DS-5535 Form, Extreme Vetting: The New Visa Vetting Procedures
What is Extreme Vetting and does it REALLY affect my application?
Extreme vetting is performed after a US visa applicant goes for their US visa application interview. If the immigration officer issues the DS-5535 form this means the US consulate will further scrutinize your case and your background.
Such scrutiny includes the US immigration officer checking your travel history, phone numbers and address information, employment history, your social media accounts, etc.
Our office recently received an email from a young man living in the UK, he had just been issued a DS-5535 by the London Consulate and was unsure if this meant he would soon be denied. He also wanted to know how it was legal that the US immigration system was requiring all of these details and looking into his background when he had never been denied a B1/B2 visa before. So below is is a bit of information to help explain what Extreme Vetting is and what it means for a case as well as a copy of the form DS-5535 that you can download and fill in.
How is this legal?
On March 6, 2017, President Trump, signed a memorandum aimed at “Implementing Immediate Heightened Screening and Vetting of Applications for Visas…” these additional protocols and procedures aim to guarantee “the proper collection of all information necessary to rigorously evaluate all grounds of inadmissibility or deportability, or grounds for the denial of other immigration benefits.”
In response to the Trump administration’s directive, the Department of State created form DS-5535 Supplemental Questions for Visa Applicants (click here to view and download the form).
Note: If you were issued a DS-5535 by the London, Dublin, Belfast or any other consulate be sure you understand your rights and speak with an attorney our office before you submit this form to the US Embassy.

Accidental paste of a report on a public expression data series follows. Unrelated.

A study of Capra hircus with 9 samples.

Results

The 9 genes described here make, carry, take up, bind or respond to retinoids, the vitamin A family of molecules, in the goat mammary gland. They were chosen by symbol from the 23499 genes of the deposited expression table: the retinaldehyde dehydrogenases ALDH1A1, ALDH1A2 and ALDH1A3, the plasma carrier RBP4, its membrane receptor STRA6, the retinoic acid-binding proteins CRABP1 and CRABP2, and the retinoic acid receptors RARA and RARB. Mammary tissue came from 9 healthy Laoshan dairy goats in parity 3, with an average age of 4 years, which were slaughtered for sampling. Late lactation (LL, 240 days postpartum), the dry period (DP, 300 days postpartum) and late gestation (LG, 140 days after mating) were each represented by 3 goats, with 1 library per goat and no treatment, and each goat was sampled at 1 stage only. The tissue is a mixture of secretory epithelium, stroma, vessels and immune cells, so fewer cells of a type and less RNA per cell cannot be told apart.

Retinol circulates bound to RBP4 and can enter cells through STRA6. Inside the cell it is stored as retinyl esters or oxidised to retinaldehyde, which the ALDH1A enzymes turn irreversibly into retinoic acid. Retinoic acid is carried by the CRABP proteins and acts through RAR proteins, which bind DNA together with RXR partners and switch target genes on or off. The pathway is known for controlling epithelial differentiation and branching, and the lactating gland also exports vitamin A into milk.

The Extreme Vetting form requests the following information:
- Travel history during the last fifteen years, including a source of funds and details regarding each trip;
- Address history during the last fifteen years;
- Employment history during the last fifteen years;
- All passport numbers and country of issuance held by the applicant;
- Names and dates of birth for all siblings;
- Name and dates of birth for all children
- Names and dates of birth for all current and former spouses or civil/domestic partners
- Social media platforms and identifiers used during the last five years
- Phone numbers and email addresses used during the last five years
Applicants required to fill out a DS-5535, when possible, may provide supporting documentation to the London Embassy US consular officer if the officer determines that such application warrants increased scrutiny.
How often does this happen?
The State Department estimates that less than one percent of all U.S. visa applicants worldwide will be required to fill out the form but many think this is a conservative estimate. While the Trump Administration has not provided many details of who will be selected, it is commonly believed that applicants may be flagged for past travel (specifically travel to the countries listed in the travel ban) while other applicants may be flagged where a “security trigger” is indicated, or people who belong to – what the US Government defines as “populations warranting increased scrutiny,” based on the individual visa applicants circumstances and/or the information the applicant provides.
It is important to note that failure to provide the requested information will delay your case and most likely result in a denial. If you are flagged for additional screening you must take this seriously as it could result in the denial of your visa. Our office frequently reviews the responses of applicants issued a DS-5535 and if needed will reply to the US Consulate on London directly on behalf of our visa applicants.
Being issued with the Extreme Vetting form is not a formality. Get professional help.